3920 North Loop 1604 E.
San Antonio, TX 78247

Open 9 to 6 Mon. through Sat.
and 10 to 5 on Sun.

Three exits east of 281, inside of 1604
Next to the Diamond Shamrock station
Please click map for more detailed map and driving directions.

Click here


The Bexar County Master Gardeners organized a very interesting project in 2005 for a Festival of Flowers Poster. They surveyed area horticulturists, botanists, nurserymen and landscapers to compile the “Critic’s Choice Awards”- a display of these professionals’ favorite plants. It was interesting to compare the lists to identify the plant pallet and, more importantly, the expectations for all of these plant people’s favorite plants.

Here are some of the results from the plant survey:
Zinnia - Favorite annual flower; Tomato - Favorite vegetable; Basil - Favorite herb; Cedar elm - Favorite tree; Crapemyrtle - Favorite deciduous shrub; Caladium - Favorite plant for shady areas; Copper canyon daisy - Favorite deer resistant plant; Purple fountain grass - Favorite ornamental grass; Mountain laurel - Favorite native plant; Zoysia - Favorite turfgrass; Hibiscus - Favorite perennial flower.

Since I have been a servant of the people in South Central Texas for 30 years while working for the Texas Cooperative Extension, I make certain my favorite plants can be and will be your favorite plants. What makes a plant “my favorite” is its ability to bloom or fruit profusely and be continuously attractive in the variety of hellish growing conditions we experience every year. In other words, the plants which give you more “bang for your buck”. These plants also have to be able to be propagated in large numbers and saleable in Texas nurseries, i.e., candidates for the Texas SuperStar Plant Program at

Here is my list and why it may differ from others:


Favorite Flower: Annual is Wax-leaf Begonia rather than Zinnia because begonias very seldom gets foliage diseases, does not hold unsightly old flowers, can tolerate cold and hot and can bloom in shade or sun.


Favorite Flower: Perennial is Katie Dwarf Ruellia rather than hibiscus. I understand why some of my horticulture friends might choose hibiscus — after all, I have put several on the world market myself. But, when you compare the versatility of Katie Dwarf Ruellia, it is clearly a winner. It grows well in wet or dry; it can be used as a groundcover under trees or in a full western sun exposure; it receives very little damage from foliage feeders; and spreads by seed and plant clumping.


Favorite Vegetable: Tomato – everyone agrees that this is America’s favorite vegetable. What Extension horticulturists do is to test and make available to Texas’ gardeners the most productive, good tasting varieties for Texas’ growing conditions.

Favorite Herb: Rosemary rather than Basil since Rosemary is deer-resistant, a perennial and is drought and heat tolerant.


Favorite Tree: Crapemyrtle – This was listed as the favorite deciduous shrub by most folks since crapemyrtle comes in so many sizes and colors. But I contend that most homeowners use it as a small to medium size tree. No other plant in the world comes in as many different sizes and colors of flower and bark as does the crapemyrtle. I am not attracted by the bloom and bark color of the cedar elm-!-!-! Make your crapemyrtle selection from:

Favorite Shrub: Deciduous is Gold Star Esperanza rather than crapemyrtle which I consider a small tree rather than a shrub even though a few shrub-sized varieties are available. Gold Star Esperanza is a deciduous shrub which was discovered in the city limits of San Antonio and is truly a San Antonio traditional plant See the history at:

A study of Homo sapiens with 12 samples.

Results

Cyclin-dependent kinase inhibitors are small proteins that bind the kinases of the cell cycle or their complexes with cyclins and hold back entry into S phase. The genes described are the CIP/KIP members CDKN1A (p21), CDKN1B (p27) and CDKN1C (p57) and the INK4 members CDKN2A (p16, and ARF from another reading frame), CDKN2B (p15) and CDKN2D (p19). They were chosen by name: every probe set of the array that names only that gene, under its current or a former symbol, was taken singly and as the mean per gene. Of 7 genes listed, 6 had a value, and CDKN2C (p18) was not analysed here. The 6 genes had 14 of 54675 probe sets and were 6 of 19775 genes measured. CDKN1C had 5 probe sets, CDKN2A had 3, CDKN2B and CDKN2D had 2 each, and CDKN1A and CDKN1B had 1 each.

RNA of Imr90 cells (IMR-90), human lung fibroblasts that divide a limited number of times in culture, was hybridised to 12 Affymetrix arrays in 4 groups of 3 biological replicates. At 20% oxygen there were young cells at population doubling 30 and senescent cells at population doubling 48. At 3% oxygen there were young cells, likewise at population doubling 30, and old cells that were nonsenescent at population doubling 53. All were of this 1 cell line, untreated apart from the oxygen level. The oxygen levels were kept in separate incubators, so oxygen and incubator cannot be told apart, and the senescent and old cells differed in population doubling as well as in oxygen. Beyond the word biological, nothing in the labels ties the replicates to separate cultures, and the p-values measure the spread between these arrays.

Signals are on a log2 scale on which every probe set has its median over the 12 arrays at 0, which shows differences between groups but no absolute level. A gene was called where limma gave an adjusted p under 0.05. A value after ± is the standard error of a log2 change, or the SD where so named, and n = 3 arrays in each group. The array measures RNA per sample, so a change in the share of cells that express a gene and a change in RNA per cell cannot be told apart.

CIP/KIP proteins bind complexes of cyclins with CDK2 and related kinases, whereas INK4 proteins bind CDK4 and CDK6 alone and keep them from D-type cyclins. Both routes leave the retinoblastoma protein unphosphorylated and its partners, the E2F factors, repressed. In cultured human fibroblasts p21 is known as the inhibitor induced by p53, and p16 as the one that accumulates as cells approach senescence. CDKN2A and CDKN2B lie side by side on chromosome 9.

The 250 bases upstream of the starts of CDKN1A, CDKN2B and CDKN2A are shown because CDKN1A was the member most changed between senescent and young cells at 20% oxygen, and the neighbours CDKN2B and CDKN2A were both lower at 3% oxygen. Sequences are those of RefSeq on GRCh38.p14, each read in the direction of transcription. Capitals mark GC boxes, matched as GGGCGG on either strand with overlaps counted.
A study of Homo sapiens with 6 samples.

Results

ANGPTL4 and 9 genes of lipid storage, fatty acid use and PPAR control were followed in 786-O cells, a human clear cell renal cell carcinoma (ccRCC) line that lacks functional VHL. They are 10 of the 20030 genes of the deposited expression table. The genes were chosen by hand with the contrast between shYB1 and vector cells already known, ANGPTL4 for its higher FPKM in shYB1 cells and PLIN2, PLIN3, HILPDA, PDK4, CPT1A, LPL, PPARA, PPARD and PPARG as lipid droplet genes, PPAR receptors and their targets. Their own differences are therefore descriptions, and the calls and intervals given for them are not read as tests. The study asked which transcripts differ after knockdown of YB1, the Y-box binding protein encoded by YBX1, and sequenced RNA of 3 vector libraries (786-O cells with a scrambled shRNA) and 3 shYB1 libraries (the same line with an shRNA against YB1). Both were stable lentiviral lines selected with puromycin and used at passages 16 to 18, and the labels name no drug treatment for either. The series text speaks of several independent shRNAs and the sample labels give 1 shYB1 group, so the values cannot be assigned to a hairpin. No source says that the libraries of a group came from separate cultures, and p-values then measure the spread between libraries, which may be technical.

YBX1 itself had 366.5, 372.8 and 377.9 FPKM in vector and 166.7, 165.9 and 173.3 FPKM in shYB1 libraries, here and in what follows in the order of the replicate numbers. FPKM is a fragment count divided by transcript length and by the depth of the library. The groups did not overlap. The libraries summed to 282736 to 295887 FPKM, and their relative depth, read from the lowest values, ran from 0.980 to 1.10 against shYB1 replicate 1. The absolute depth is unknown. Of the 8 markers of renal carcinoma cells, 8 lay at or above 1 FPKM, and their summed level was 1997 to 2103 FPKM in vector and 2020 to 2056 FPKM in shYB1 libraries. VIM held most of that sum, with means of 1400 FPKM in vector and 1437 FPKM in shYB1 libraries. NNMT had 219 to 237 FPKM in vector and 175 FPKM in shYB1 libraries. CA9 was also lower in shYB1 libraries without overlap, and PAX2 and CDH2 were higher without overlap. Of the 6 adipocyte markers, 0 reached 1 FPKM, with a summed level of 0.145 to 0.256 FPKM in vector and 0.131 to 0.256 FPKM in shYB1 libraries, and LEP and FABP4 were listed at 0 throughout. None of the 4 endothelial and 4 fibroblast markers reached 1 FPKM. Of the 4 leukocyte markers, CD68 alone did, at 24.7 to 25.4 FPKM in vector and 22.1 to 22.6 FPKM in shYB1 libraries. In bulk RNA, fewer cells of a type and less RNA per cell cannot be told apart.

Favorite Shrub: Evergreen is Dwarf Yaupon Holly
Least Favorite Shrub: Evergreen is DEFINITELY Red tipped Photinia
Favorite Shade Plant: FireSpike rather than caladium because FireSpike is a perennial, has a red bloom which hummingbirds and butterflies love, and is not eaten by any foliage feeding insects.

Texas Lilac Vitex
Copper Canyon Daisy

Favorite Deer-Repellent Plant: Texas Lilac Vitex rather than Copper Canyon Daisy—this is a no-brainer. Copper Canyon Daisy usually blooms abundantly only once a year and begins blooming 30 minutes before the first hard frost which destroys the bloom. If you think back, Copper Canyon Daisies have only been attractive for the last several years—when we had extremely late frosts. For most of the year, Copper Canyon Daisy has a weedy appearance in the landscape. Vitex is an attractive lilac-type shrub-to-small-tree which can be made to be in full bloom several times every season. See the instructions and images at:

Purple Fountain Grass

Favorite Ornamental Grass: Purple Fountain Grass – Everyone with clear vision recognizes this as the most spectacular of all ornamental grasses.

Favorite Native Plant: Texas Mountain Laurel— everyone agrees on this native plant. Thanks to the efforts of Lone Star Growers and Joe Bradberry, this plant has now been domesticated. Before these folks start growing quantities of this plant in containers, it could only be dug out of the wild.

Favorite Turfgrass: Floratam St. Augustinegrass rather than zoysiagrass. A case can be made for both but since San Antonio is a St. Augustine town and since Floratam St. Augustinegrass is more drought tolerant than some buffalograsses and more disease and insect resistant than any other St. Augustinegrass on the planet, I will stick with Floratam. Even though zoysiagrass does claim some shade tolerance, it cannot compare to St. Augustinegrass survivability in the shade.

Favorite Rose: Belinda’s Dream
Plant you wish you’d see more of: Nacogdoches Yellow Rose
Favorite Insect: Lady Bug
Least Favorite Insect: Spider Mites
Favorite Wildflower: Texas Bluebonnet

Combine these choices with a list of other recommended plants for our area:
and you will have a carefree, beautiful landscape all year long.